Binding machine, which one would you choose:

(Image credit:

Binding machines are now becoming a must-have for any small offices that are looking to have more flexibility, convenience, and control when putting together its important documents, reports, presentations, and proposals. One of the most simple, common and cheapest binding methods is comb binding. For this reason, there are many machines available on the market that are designed for comb binding. They have their differences, in terms of different comb-binding machines and their capabilities. These differences may seem insignificant to the untrained eye. However, when it comes to binding machines, the slightest advantage can mean time-saving and money-saving.

In this article, we will take a look at two of the major players on the market, Fellowes, and GBC. Both companies have a solid collection of binding equipment, but there are some differences that need to be highlighted and that you might want to know about before you choose and buy your own binding machine.

First of all, you will have to decide whether you prefer a manual or an electric punch on your binding machine. Manual ones are a little bit less expensive, but electric ones are way quicker and way more accurate. Moreover, all the machines that we will discuss here are available with either manual or electric punch mechanisms at

Here is a quick comparison of Fellowes and GBC’s manual machines for your office use:

1. Fellowes Electric Pulsar E-300 vs. GBC Combbind C210E: Both of these machines feature a 15 punch/300 bind capability, and will cost you about RM 1750-RM1875.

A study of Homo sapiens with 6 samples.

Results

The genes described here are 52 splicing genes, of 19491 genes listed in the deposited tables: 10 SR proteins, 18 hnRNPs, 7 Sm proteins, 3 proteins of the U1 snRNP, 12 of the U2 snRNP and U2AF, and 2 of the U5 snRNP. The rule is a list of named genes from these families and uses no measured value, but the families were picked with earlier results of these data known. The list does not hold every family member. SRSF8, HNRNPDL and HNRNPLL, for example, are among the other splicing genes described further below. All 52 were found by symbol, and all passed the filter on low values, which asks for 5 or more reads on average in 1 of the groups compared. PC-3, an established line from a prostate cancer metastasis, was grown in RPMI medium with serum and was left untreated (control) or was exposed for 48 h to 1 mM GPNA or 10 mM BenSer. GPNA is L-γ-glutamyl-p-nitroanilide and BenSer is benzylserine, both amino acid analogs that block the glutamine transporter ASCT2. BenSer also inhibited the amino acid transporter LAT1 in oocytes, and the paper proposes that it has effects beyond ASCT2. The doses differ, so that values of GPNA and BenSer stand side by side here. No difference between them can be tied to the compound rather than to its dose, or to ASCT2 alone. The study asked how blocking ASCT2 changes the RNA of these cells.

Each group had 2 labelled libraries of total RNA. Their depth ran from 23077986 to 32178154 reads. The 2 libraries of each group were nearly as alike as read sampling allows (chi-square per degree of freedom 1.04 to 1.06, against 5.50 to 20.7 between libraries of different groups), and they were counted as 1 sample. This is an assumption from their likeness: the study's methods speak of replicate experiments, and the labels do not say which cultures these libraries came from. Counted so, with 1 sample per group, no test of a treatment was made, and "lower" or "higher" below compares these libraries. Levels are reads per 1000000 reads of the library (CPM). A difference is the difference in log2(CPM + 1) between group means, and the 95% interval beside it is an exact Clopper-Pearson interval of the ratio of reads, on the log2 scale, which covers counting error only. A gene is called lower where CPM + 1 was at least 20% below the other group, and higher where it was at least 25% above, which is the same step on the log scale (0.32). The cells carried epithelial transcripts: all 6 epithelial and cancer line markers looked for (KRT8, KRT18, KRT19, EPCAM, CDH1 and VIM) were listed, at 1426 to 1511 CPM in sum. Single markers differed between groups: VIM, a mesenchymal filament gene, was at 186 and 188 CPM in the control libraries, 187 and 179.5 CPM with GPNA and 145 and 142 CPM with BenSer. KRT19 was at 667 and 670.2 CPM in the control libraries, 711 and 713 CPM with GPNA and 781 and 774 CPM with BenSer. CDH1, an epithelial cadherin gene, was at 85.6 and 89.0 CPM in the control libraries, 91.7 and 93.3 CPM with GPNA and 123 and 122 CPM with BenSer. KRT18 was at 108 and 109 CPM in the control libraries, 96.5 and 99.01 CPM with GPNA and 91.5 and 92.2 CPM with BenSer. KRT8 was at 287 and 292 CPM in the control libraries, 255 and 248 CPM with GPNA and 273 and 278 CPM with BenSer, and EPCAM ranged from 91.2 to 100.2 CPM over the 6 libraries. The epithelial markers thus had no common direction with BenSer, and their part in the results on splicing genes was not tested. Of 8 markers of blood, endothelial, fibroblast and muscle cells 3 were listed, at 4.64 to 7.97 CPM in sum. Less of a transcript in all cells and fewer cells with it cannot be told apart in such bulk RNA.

The Pulsar is seen to be cheaper here, however, it provides the following advantages:

- The Pulsar is built for vertical document loading, which ensures accurate punch alignment and as well as a rotary edge guide that accurately centers documents.

- The Pulsar features a much more compact and light-weighted design. It even folds up for your quick and easy storage and is known to not take up much more room than a book on a bookshelf.

- While the Fellowes’s Pulsar E-300 and GBC’s Combbind C210E’s manual versions cost the same, the Fellowes’s electric machine is a bit less expensive than the GBC’s counterpart.

- The Pulsar comes with a two-year warranty, whereas the GBC provides only a one-year worth of warranty.

2. Fellowes Quasar and Quasar E vs. GBC’s C210E. Again, two very similar machines, with both featuring a 20-punch capability. Again, however, the nod has to go to the Fellowes machines, due to the fact that they have a 500-bind capacity vs. the C210E’s 300. The Quasar stores in a smaller space and the warranty of two years just makes more sense, especially when you consider that the electric versions cost almost the same.

Both of these companies are well known and respected in the binding industry for making highly reliable devices and really, you can’t go wrong with either one of these manufacturer’s comb-binding machines. However, we’ve discussed the advantages here that are fairly slight in the impressive structure of things, which is why we wanted to lay out the differences for you. Ultimately, you will need to compare the systems for yourself and make a decision about the machine that will best fit your particular needs. If you are ready to purchase yours today, do visit!

Check out our article on Printer selection, which one is better: LaserJet or Inkjet printers?